Take Five with Ellen Gustafson ’02

Gustafson T5
Ellen Gustafson ’02 is a social entrepreneur, activist and author. A 2012 John Jay honoree, she is the co-director of the Summit Institute, the nonprofit arm of Summit Series and Summit Powder Mountain. One of the early entrepreneurs in the give-back consumer products trend, Gustafson co-founded FEED Projects, a charitable company that creates products that help feed the world, and FEED’s nonprofit partner, the FEED Foundation, which has provided almost 100 million school meals to children around the world. Gustafson founded the 30 Project and co-founded Food Tank, which is working to change the global food system. Her book, We the Eaters: If We Can Change Dinner, We Can Change the World, was published in 2014. She currently serves on the Advisory Board of the Barilla Center for Food and Nutrition and the Board of the food-tech start-up Foodstand.

What were you like when you arrived at Columbia?

When I stepped through the Gates with my mini-fridge and extra-long twin comforter, I was both electrified and terrified. I was so incredibly proud to have been admitted and was sure that being a small fish in the big pond of Columbia and NYC would be the best thing for my growth and learning. But also, on Day One, I wore an elastic belt with my name printed on it from kindergarten and definitely had bagel seeds stuck in my teeth when I was meeting people.

I was lucky to do one of the pre-orientation hiking trips in the mountains — which was awesome — and the final night we all slept outside in sleeping bags in front of Butler Library. Sleeping on the grass of Morningside Heights under the stars and feeling safe inside the campus definitely made me start to feel at home at Columbia. It was a great way to feel some deeper connection to the vast city of New York.

What do you remember about your first-year living situation?

I lived on the eighth floor of Carman Hall and had three women with pretty different backgrounds as suitemates; it was both fun and important as part of my College experience. I loved the weird, late-night conversations that would happen in the Carman hallway but hated the elevators — in a real hurry, you had to take the stairs to the eighth floor. Randomly (or maybe not randomly), a good friend from my Pennsylvania public high school and I were put on the same floor, diagonally across the hall from each other, which meant that as we both contorted to become our new college selves we had a reminder of home to check in with.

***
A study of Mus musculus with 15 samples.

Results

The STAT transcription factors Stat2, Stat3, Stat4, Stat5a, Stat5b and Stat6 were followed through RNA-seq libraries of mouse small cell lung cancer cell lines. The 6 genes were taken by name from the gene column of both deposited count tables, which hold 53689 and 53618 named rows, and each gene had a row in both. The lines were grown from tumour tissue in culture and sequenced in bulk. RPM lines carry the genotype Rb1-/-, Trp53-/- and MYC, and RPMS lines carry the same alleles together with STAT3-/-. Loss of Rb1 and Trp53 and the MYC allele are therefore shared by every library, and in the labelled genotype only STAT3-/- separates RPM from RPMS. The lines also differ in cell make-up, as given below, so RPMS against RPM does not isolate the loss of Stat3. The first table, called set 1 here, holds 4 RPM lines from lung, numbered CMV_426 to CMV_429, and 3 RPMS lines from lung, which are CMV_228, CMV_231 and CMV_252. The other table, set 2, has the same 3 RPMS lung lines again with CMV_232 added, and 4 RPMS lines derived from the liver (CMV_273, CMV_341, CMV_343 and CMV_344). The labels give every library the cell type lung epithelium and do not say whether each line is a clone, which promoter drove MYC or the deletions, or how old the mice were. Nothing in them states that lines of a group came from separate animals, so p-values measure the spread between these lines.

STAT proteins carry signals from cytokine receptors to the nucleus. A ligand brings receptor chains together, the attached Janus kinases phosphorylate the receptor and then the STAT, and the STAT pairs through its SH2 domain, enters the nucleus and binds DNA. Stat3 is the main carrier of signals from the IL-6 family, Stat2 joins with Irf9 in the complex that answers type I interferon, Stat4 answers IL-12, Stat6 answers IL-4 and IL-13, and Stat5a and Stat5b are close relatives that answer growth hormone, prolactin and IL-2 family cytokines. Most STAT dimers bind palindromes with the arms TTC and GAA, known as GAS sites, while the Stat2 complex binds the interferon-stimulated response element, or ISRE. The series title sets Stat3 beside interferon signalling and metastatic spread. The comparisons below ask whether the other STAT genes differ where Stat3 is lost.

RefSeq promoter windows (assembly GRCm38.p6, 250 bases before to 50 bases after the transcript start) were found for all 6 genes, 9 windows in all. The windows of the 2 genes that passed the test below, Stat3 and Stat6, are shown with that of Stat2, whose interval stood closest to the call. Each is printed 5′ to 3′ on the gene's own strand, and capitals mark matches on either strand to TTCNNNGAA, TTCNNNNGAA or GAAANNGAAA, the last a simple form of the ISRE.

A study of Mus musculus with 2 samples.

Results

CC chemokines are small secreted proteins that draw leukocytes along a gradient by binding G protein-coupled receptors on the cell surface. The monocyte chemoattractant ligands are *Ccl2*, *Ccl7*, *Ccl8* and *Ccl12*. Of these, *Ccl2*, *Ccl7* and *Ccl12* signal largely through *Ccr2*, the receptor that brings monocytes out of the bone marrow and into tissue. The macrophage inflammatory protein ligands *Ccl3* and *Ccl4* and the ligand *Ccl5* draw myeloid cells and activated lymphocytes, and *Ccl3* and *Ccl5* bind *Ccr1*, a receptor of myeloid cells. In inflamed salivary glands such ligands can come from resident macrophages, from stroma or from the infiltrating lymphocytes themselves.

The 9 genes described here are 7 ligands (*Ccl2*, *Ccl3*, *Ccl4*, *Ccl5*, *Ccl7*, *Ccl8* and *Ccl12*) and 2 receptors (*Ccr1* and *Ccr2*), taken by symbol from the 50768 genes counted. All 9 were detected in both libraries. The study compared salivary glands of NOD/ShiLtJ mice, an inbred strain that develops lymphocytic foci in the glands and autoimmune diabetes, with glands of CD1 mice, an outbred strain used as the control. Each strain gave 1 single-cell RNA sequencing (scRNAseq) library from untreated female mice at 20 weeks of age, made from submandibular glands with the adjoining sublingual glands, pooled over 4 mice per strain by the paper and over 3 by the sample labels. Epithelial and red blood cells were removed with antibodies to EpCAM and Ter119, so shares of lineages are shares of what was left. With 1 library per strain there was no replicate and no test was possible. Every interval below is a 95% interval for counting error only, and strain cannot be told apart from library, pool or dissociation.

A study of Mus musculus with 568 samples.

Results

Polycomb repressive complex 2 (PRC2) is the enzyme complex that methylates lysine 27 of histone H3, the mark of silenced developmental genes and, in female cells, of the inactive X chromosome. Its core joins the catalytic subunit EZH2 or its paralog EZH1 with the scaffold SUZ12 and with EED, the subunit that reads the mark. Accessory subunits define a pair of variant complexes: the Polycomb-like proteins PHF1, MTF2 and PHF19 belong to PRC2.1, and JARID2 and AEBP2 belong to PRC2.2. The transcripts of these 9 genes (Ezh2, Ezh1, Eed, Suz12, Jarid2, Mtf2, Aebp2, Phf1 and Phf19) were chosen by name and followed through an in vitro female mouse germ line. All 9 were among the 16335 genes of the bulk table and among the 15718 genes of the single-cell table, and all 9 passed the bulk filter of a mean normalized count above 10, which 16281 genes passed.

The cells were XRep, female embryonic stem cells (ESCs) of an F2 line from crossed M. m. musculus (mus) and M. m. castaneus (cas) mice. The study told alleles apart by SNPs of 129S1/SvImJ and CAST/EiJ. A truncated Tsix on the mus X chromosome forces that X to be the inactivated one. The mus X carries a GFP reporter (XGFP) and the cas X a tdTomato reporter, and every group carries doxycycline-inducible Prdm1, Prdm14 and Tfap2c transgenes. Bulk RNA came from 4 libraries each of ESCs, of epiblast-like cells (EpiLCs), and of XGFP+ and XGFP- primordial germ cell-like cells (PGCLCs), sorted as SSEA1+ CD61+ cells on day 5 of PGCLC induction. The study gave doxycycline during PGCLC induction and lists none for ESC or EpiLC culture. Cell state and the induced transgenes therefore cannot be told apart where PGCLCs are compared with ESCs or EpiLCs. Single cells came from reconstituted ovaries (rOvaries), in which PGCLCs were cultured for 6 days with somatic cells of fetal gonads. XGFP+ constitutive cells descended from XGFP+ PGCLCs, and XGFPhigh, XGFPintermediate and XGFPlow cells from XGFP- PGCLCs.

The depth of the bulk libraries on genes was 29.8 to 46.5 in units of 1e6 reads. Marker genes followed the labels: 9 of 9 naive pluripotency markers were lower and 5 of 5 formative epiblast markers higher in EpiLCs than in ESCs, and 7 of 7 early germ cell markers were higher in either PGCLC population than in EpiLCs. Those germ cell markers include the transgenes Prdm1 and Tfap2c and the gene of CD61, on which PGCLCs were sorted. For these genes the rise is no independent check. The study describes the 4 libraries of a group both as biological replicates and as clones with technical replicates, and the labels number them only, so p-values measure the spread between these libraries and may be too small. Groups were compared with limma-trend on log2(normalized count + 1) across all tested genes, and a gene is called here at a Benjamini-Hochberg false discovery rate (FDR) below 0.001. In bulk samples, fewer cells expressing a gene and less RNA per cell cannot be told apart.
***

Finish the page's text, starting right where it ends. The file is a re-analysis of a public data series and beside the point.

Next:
What class do you most remember and why?

My senior international relations seminar in the SIPA building and taught by Foreign Affairs magazine editor Gideon Rose. Our second day of class — on 9-11 — was canceled and when we got to class on the 13th, Professor Rose had thrown out the syllabus and started giving us reading based on the shifting international relations reality of the new world order. It was amazing to be living and learning with a foreign policy practitioner in such a confusing and important time. I started working as an intern at the Council on Foreign Relations in October 2001, due to my connection to Professor Rose, which made my senior year the perfect encapsulation of why Columbia is such a special place to learn. I had a professor who was fully engaged in the field I was studying, and I was able to take advantage of being in NYC to have a fascinating internship that led to my first post-college job.

Did you have a favorite spot on campus, and what did you like about it?

When I was on campus in February to speak at “She Opened the Door,” the first University-wide women’s conference (which was outstanding!), I was flooded with memories of my favorite places. I fed my baby daughter in Cafe 212 — a spot I ate at often in my later years — and walked her through the twinkling, lighted trees on College Walk, which is definitely one of my favorite things about the campus. But my probably not-at-all-secret spot was the roof of Mudd, the Engineering building. I would climb the stairs to the top floor and bring a picnic to watch the crazy NYC airports’ flight patterns and sometimes even a star or two!

What, if anything, about your College experience would you do over?

I would have simply done more. Some of my most rewarding experiences were being involved on campus with the Musical Theater Society, the Opera Ensemble, the Ski Team and Delta Gamma sorority, and spending time volunteering with Columbia Community Impact and organizing our Senior Dinner. The axiom that you get what you give is so true — if I had given even more to activity groups and service organizations while I was there, I would have gotten more in return!